Hi, I'm Abi Reader and I'm a 3rd generation dairy farmer in Glamorganshire, South Wales.
I didn’t always know I would be a dairy farmer
But I think it was probably something in me from the start! As a child, I would spend hours sat perfectly still in a pen with cows and calves, just watching how they behave. Cows are such expressive animals, everything is written in their eyes – you can tell when they're happy or when they're feeling mischievous.
I've been farming for more than 10 years
I manage a mixed herd of 180 Holstein Friesians and Dairy Shorthorns. I'm a bit sentimental about the Shorthorns since they've been in my family for over four generations. We also keep three bulls on the farm: my two homebred Shorthorn Bulls, Bruno and Frank, and our Aberdeen Angus called Jock.
Being a dairy farmer is such a rewarding job
With every calf that's born, I think about their mother and their grandmother. I imagine how they will turn out as adult cows and how we shall work together to produce milk for the future.
Welfare is high priority for us
We are a closed herd, so we do not buy in any animals (other than Jock) for fear of bringing in any potential disease. I work very closely with my vet , nutritionist and foot trimmer to keep my cows happy and healthy.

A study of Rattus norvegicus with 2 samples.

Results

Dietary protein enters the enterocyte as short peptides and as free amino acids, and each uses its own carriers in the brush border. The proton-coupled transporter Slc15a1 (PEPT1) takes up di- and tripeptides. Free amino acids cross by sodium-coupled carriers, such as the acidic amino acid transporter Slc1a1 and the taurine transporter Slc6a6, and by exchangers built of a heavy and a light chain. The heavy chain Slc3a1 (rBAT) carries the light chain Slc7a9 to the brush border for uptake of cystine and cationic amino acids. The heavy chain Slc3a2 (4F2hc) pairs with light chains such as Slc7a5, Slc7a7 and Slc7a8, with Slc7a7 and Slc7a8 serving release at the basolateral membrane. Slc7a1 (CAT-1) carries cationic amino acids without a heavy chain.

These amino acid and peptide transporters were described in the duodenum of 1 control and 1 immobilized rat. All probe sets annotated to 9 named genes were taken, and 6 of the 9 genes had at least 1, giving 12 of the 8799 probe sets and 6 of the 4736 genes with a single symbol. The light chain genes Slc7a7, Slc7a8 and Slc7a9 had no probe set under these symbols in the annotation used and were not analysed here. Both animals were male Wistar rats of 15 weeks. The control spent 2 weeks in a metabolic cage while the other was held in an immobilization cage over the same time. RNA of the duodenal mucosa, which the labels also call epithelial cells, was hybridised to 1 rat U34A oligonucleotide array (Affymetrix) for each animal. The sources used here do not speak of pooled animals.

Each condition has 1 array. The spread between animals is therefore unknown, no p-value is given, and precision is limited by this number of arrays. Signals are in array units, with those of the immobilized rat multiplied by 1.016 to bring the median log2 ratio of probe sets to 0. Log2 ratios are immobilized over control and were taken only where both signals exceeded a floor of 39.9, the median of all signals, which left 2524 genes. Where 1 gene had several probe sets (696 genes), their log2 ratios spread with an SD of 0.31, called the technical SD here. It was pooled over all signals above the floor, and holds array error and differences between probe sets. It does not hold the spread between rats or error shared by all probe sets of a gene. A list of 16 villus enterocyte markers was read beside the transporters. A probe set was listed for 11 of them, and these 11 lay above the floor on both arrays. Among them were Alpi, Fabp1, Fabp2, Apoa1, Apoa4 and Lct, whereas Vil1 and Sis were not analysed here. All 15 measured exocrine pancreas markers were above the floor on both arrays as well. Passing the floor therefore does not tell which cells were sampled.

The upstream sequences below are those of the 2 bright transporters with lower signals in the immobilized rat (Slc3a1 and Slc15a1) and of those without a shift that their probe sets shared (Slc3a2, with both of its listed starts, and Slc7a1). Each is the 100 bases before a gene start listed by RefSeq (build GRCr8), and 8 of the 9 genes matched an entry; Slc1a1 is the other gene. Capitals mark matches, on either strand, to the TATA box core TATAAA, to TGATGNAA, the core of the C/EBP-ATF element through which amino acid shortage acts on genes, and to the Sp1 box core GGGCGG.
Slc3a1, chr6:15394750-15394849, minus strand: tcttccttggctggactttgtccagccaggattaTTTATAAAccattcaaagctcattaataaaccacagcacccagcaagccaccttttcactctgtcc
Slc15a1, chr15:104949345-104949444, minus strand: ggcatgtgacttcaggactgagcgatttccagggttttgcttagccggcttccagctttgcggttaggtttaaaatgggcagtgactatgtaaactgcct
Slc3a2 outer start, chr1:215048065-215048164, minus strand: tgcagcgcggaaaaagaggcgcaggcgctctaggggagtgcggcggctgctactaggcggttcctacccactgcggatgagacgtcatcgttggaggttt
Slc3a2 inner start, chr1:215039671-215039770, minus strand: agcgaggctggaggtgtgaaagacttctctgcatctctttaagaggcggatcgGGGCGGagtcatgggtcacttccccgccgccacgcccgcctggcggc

I'm always looking for ways to educate people
I believe that everyone should have the right to see and experience a farm, and understand the work, care and respect that go into running one. I've been involved in several events and campaigns to get our dairy farming messages out there.
I ran my first Open Farm Sunday in June 2014
Open Farm Sunday is a really easy-to-organise and rewarding event – and it definitely goes a long way to connect with local people, and help them gain an understanding of the world of dairy farming. Open Farm Sunday is the farming industry's national open day run by Linking Education and Farming (LEAF). Once you've registered, LEAF sends you newsletters with ideas for the day, a host's handbook, plus loads of free resources.
We had 310 visitors on the day
It went really well and lots of visitors said they'd like to come back again. The most satisfying moment for me came five months later when, on a train to London, a stranger came over to me. Her children had pointed out the 'cow lady', so she wanted to come and tell me what a great and memorable day they had all had!
Social media is a powerful tool
It's the only way you can talk directly to politicians, decision makers – even celebrities – and use it to promote your business and the farming industry as a whole. It really makes you feel part of a worldwide community.